If you’ve never had a private golf lesson before, this could be an intimidating first experience for you. There are so many stories out there about “the teaching pro who changed my entire swing and I couldn’t hit a ball for weeks….” - many of which are true, I’m sure. As a potential student, it is incumbent upon you to do your homework to see which swing coaches would be most compatible with you. Choosing a credible swing coach can take some time. Where do you begin? Most golfers’ first choice would be the Internet. Picking the first swing coach on the search engine list may or may not be your best choice. Internet listings can be a bit of smoke and mirrors. If you’re looking to get the most accurate information about how to fix your swing, then selecting an experienced swing coach who continues their education is a must. Some coaches list this information on their website. Check out any certifications they may have and what technologies they are using in their teaching. Take a look at any swing video tutorials on their website. Simple swing videos will help give you some insight into their personalities, teaching styles and swing methods. Look for lesson testimonials to see what other students are saying about their swing coaches. Of course, if you have a friend who highly recommends someone, that could also be a good starting point. Next, pickup the phone or send an email to potential swing coaches. Lets call this the interview process…. A few questions I would be asking if I were the prospective student:
• How long have you been teaching golf? Unless you are a rank beginner in golf, you probably don’t want to learn from the new assistant who is just starting to teach and utilizes you as his/her guinea pig. Why? Because they are most likely going to be teaching you what they are doing in their own swing (which may or may not be correct) or what they just read in golf digest at lunchtime. How do I know this? Well, I did the same thing when I first started teaching 20+ years ago.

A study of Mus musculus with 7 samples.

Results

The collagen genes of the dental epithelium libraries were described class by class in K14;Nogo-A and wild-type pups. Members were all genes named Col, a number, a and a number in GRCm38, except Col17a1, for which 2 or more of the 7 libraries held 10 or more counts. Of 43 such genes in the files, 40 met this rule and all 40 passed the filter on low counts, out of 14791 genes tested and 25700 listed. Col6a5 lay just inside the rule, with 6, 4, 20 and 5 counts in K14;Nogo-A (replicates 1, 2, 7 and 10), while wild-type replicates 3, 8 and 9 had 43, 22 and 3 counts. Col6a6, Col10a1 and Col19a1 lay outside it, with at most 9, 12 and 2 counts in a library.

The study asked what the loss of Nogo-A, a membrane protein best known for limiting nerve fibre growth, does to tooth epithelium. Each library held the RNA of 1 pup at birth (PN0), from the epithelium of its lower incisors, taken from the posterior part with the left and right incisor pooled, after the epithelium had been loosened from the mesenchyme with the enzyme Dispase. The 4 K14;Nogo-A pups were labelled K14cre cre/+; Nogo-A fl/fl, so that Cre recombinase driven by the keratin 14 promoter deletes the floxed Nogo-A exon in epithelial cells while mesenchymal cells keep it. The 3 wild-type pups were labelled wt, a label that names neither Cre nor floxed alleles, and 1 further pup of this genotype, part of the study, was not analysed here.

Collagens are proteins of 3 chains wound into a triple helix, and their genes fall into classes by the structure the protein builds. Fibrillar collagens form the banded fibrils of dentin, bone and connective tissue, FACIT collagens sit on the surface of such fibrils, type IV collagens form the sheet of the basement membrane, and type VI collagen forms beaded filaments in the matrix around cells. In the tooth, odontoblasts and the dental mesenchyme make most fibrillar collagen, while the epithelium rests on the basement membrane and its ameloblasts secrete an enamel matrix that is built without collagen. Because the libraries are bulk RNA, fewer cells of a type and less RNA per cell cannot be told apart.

• Ask them how many lessons they give during a week in the golf season. If they are giving over 30+ lessons a week, they are most likely doing something right. Like any business, if you’re not good, you’re probably not very busy.
• Lastly, do they send lesson video and practice notes after the lesson is complete? This is an important part of the lesson. Having video and notes to refer to during your post-lesson practice can be an invaluable tool.
YOUR FIRST LESSON
So, you’ve found the right swing coach and you’ve booked your first 1-hour lesson. Don’t be late! Make sure you show up at least 15-minutes early to your lesson. A 1-hour lesson will go by in a flash, so being late will put you and your swing coach behind from the start. The 15-minutes also allows you to warm up. Be prepared to step out of your comfort zone. It’s not in your swing coach’s best interest to teach you something that’s going to make you worse, so listen up and go with it. If you don’t understand something, make sure you to have your swing coach clarify it for you. When your lesson is complete, your swing coach should be able to remotely send you lesson notes along with the video from your lesson. Schedule your next lesson before you leave your current lesson. Frequency of scheduling lessons varies; I like to see students weekly when just starting a swing change.
Try to get to your practice facility as soon as possible after your lesson - immediately if you have time. Making swing changes can be difficult. In most cases, your swing coach is trying to instill in you a very new feel to your swing. When you practice, you still need to be out of your comfort zone. Allowing one’s self to fall back into what’s comfortable is a common practice among new students and is counter-productive to the learning process. Remember, learning to make the necessary swing changes is more of a journey (take a look at any tour player). Don’t expect miracles, set realistic goals for yourself and work hard to achieve them.